Have you ever started filling a bucket with water, only to find there was a crack in the bottom? What’s your first response – to turn the tap on further and pour more water in? Of course not!
Even my preschooler children would know they need to find a new bucket or come and get me to fix the crack with some duct tape.
Let’s think of your website as a bucket, you’re trying to capture new leads and paying customers. If most of your web traffic are browsing your site and moving on, then you’ve got a ‘leaky website problem’ – potential clients are leaking through the cracks instead of taking the action you want them to take (whether that’s picking up the phone, filling in a form, or pulling out a credit card).
Just getting lots of traffic to your website is not the answer
A lot of people assume the key to a successful website is getting lots of traffic (spending all your resources on search engine optimisation, AdWords, blogging, social media, etc…). In reality for most websites, increasing traffic is just like swapping your garden hose for a fire hose and continuing to use the same leaky bucket!
The smartest strategy to get your website performing is to focus on improving your website’s conversion rate (in the online world this is called conversion rate optimisation). Set up a way to track conversions and then test out different landing pages, using alternate headlines, text and images in order to improve your conversion rate.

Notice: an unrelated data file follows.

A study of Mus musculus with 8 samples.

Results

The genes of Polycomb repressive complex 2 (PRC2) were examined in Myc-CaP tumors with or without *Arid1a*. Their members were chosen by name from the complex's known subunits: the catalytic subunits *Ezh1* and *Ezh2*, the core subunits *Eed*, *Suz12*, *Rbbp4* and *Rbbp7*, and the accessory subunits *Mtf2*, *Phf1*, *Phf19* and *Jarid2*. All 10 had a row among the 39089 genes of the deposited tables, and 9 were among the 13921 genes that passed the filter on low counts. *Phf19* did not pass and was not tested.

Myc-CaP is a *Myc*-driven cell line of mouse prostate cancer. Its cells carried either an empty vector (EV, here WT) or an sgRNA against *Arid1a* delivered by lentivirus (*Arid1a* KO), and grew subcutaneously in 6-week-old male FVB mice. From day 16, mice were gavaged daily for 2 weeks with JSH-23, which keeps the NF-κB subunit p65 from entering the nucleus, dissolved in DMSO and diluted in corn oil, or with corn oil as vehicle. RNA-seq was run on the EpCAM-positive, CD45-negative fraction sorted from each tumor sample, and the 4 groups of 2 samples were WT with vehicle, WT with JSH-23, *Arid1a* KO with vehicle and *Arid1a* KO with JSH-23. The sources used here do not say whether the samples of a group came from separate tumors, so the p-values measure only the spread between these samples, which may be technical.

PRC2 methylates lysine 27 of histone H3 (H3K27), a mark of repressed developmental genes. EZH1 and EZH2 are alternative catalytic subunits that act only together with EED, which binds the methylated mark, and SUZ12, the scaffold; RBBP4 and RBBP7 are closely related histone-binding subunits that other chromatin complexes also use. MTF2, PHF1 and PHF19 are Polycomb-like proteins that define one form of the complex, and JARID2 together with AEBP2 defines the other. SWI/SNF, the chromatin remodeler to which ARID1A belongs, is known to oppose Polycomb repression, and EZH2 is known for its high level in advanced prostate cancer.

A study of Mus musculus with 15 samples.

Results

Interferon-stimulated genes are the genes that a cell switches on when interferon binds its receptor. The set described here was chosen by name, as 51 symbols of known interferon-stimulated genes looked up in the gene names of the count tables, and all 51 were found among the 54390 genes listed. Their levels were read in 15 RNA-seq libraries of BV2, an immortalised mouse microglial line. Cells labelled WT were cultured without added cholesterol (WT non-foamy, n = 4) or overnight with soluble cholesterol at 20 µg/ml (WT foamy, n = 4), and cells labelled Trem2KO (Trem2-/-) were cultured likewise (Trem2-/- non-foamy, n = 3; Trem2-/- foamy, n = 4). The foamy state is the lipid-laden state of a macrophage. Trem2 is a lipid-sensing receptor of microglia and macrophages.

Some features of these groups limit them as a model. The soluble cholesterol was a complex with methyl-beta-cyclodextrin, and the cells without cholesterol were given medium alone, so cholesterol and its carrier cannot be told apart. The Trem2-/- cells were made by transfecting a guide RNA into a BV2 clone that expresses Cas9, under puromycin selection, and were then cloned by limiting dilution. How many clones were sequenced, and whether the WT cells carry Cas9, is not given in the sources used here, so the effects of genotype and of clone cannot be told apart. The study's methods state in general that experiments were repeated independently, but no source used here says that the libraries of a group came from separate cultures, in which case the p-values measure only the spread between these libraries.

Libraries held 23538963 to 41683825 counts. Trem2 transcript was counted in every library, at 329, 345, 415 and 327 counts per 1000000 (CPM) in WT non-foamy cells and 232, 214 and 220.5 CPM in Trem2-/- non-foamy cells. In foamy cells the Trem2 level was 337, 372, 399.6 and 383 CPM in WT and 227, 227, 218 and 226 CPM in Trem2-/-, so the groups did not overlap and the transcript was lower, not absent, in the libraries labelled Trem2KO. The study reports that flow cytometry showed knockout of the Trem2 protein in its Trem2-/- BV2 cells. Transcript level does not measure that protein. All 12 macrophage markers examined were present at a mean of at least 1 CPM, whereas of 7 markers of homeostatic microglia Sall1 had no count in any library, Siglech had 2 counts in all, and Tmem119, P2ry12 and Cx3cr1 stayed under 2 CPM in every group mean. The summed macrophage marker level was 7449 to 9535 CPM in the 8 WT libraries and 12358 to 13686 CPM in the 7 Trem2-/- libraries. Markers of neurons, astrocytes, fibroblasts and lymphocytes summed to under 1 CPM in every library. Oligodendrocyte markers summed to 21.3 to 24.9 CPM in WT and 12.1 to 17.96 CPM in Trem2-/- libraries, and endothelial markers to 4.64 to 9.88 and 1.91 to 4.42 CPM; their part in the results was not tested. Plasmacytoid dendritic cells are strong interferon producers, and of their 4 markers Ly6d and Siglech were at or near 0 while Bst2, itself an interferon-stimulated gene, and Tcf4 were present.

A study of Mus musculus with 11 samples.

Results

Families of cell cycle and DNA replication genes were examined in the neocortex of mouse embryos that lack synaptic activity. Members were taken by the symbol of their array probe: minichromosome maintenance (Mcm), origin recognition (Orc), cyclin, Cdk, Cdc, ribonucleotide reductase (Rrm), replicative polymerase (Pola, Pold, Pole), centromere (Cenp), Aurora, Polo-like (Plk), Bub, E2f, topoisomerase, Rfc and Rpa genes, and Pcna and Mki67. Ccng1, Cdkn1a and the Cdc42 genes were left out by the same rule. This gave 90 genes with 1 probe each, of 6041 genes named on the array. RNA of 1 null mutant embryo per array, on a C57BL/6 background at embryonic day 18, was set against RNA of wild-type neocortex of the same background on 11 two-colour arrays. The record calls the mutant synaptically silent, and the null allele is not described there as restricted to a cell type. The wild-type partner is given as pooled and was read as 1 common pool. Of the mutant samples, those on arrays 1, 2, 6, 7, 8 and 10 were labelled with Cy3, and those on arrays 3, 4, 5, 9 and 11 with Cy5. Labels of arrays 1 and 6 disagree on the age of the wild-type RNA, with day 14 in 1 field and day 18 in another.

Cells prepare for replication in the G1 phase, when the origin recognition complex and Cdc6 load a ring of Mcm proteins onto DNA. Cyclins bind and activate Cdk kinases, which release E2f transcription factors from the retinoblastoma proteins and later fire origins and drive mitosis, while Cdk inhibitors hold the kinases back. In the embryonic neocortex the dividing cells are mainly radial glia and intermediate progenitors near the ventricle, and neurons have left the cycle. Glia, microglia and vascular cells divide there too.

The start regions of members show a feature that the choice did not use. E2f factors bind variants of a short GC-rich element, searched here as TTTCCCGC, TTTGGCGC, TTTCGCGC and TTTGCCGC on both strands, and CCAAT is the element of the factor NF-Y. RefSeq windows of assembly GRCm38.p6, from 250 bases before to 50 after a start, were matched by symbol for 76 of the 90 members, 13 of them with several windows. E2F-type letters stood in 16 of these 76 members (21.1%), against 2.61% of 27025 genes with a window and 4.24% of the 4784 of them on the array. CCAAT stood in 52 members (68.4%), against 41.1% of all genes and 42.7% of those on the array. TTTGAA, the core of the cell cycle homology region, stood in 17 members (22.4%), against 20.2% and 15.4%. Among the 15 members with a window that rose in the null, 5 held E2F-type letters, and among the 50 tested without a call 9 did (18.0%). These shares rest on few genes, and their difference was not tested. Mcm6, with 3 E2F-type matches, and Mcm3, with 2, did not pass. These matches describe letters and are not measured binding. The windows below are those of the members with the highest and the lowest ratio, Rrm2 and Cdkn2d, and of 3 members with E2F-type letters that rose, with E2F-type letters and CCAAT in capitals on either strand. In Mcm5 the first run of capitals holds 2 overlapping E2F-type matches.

Once you’ve refined your website sales funnel, traffic is converting and your online leads are becoming paying customers – then you can focus more of your attention on increasing traffic. Because once you’ve got a website that converts traffic into paying customers, you know your efforts generating more traffic will always pay off.
What’s the fastest way to test and refine your website’s conversion rate?
Of course, in order to test your website’s conversion rate, you’ll need a certain amount of traffic coming in. This is where AdWords can help you save a lot of time. Set up your conversion tracking, run some AdWords campaigns with relevant keywords and test the results.
Going back to the bucket example, AdWords can be thought of as a tap – it’s like fixing the leak with duct tape, then running the tap for a short burst to check your results. If your first short burst of AdWords traffic doesn’t work, simply reiterate the process until you’re happy with the percentage of traffic that turns into paying customers.
Once you’ve fixed your “leaky website problem” and refined your website sales funnel, then you can safely open up more traffic sources (whether that’s increasing AdWords spend, writing blog articles, participating in social media, etc).
P.S. There’s no reason to ever stop working at improving your conversion rate. Even tiny incremental improvement to your website’s conversion rate will have multiplying effects on your sales numbers.
Thanks goes to Allan Henderson for this article.